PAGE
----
Dave Pirner is doing just fine. The founding and last original member of Minneapolis alt-rock legends Soul Asylum, Pirner thrived in the late 1980s and well into the ‘90s on righteous anger and deceptively well-crafted songs. Peaking commercially in the mid-1990s when hits like “Runaway Train,” “Black Gold” and “Misery”—which is really one of the most underrated singles of the decade, but I digress—were prevalent on radio and the charts, Pirner didn’t flame out or fight changing tides into the new millennium. He grew up.
Moving to New Orleans, getting married and having a son gave Pirner a new sense of artistic freedom. Continuing to make music in the 2000s (The Silver Lining in 2006 and Delayed Reaction in 2012, Soul Asylum is set to release the aptly titled Hurry Up and Wait. It’s the band’s first album since Change of Fortune in 2016, as well as the first since getting a divorce and returning to his hometown stomping grounds of Minnesota.
Sitting in a lounge overlooking an ominously stormy day in the Century City section of Los Angeles, there’s a slight unease in the office just days before coronavirus would shut the city down for the foreseeable future. Still, Pirner is in good spirits, cracking open the first craft beer of the interview and chatting about finding a copy of Elvis Costello’s Greatest Hits on cassette at a truck stop recently. He looks great, by the way, like he could still post up with the best of them in a game of pickup basketball. He’s as smart and witty as one might imagine, taking everything from his comfy spot in the world of music to the creeping pandemic in stride.
“I embraced the ‘no future’ part of punk rock where there was just kind of nihilism and you didn’t worry about what was going to happen the next day,” Pirner chuckles about his view of 2020 way back in his band’s beginnings. “Me and my silly friends from Minneapolis, there was part of us that never thought we’d make it to even 30 years old, let alone here.”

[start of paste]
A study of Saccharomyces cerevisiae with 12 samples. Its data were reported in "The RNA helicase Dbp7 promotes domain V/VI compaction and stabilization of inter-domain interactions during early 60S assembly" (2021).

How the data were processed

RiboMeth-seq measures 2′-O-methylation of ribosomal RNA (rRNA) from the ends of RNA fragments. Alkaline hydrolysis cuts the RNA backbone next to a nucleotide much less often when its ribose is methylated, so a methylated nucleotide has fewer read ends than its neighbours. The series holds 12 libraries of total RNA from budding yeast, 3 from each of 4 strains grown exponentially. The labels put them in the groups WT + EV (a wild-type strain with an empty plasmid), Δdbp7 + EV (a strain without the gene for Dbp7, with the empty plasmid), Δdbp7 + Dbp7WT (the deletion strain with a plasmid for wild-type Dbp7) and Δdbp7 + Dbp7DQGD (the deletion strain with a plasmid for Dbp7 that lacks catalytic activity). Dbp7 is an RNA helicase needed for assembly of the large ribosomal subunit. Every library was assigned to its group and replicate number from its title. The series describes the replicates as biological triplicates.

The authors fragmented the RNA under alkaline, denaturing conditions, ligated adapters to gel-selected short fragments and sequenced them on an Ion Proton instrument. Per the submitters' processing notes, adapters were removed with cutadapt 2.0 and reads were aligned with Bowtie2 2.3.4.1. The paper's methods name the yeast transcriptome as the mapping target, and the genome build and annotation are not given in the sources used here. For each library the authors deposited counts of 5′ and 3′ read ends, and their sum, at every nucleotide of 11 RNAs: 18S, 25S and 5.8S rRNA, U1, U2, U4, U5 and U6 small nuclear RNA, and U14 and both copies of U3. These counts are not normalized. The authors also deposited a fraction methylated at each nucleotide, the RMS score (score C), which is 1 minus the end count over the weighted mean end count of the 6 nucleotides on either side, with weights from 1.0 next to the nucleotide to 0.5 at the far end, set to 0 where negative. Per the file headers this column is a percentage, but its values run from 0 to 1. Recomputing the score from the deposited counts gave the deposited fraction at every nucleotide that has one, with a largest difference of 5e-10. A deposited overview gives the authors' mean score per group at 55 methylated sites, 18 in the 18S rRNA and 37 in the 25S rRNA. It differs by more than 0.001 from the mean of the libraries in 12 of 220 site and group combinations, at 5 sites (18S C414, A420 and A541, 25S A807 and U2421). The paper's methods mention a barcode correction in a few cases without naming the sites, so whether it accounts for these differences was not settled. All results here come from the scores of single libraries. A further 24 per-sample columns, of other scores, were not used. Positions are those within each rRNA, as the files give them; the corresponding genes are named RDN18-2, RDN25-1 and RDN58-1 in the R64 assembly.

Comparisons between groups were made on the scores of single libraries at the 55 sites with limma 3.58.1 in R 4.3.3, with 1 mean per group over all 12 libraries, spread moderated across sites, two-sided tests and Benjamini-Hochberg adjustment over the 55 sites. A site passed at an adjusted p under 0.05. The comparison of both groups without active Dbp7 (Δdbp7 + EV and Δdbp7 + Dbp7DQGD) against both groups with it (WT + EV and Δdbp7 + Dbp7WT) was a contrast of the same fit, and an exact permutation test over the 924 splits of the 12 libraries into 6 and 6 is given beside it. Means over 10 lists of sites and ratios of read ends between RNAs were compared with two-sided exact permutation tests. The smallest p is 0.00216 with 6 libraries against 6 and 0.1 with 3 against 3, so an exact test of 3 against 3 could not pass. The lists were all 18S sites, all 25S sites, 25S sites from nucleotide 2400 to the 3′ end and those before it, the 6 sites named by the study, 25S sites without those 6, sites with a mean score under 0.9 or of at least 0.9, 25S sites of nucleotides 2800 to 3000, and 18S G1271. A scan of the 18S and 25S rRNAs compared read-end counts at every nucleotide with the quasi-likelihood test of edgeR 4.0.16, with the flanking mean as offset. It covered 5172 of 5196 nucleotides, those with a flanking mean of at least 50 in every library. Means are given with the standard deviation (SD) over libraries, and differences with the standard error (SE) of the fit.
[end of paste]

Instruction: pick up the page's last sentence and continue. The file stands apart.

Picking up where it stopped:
As talk turns to the Hurry Up and Wait, the first Soul Asylum album recorded at Minneapolis’ Nicollet Studios in years, the question remains: can you go home again?
“That was the question I asked myself every day,” Pirner ponders. “For so long, I felt like I didn’t know where home was. I finally tried to settle down in New Orleans, and that didn’t work out. There are certain parts of being back in Minnesota that are surprisingly satisfying, like being able to go see my mom and hanging out with my nephews. It’s sort of the polar opposite of New Orleans, which is why I went there in the first place. I’m used to six months of winter. You should take advantage of it if you can handle it. It’s like living on the moon or something.”
Digging into the inspiration of Hurry Up and Wait, Pirner says the process was “natural and spontaneous. I can’t really explain why, but part of it was being back in Minneapolis, and just being able to hit the studio at a moment’s notice. I liked being back where I started and feeling comfortable with the band. It was pretty painless.”
Before he heads over to Hollywood to dig through some vinyl, Pirner contemplates the career arc of his band from the planet of Minnesota all those years ago maneuvering its way into 2020.
“I’ve just been playing in this band, and all this crazy shit has happened around the band. I think I was reserved about buying into a lot of it like this isn’t gonna last,” he sighed. “Part of it is a relief. I don’t know where any of this is going, but to sort of come out on the other side like, I’m still able to do this. My experience in New Orleans was amazing. People down there, they play until they drop dead. So to still be here…it’s nice. A pleasant surprise.”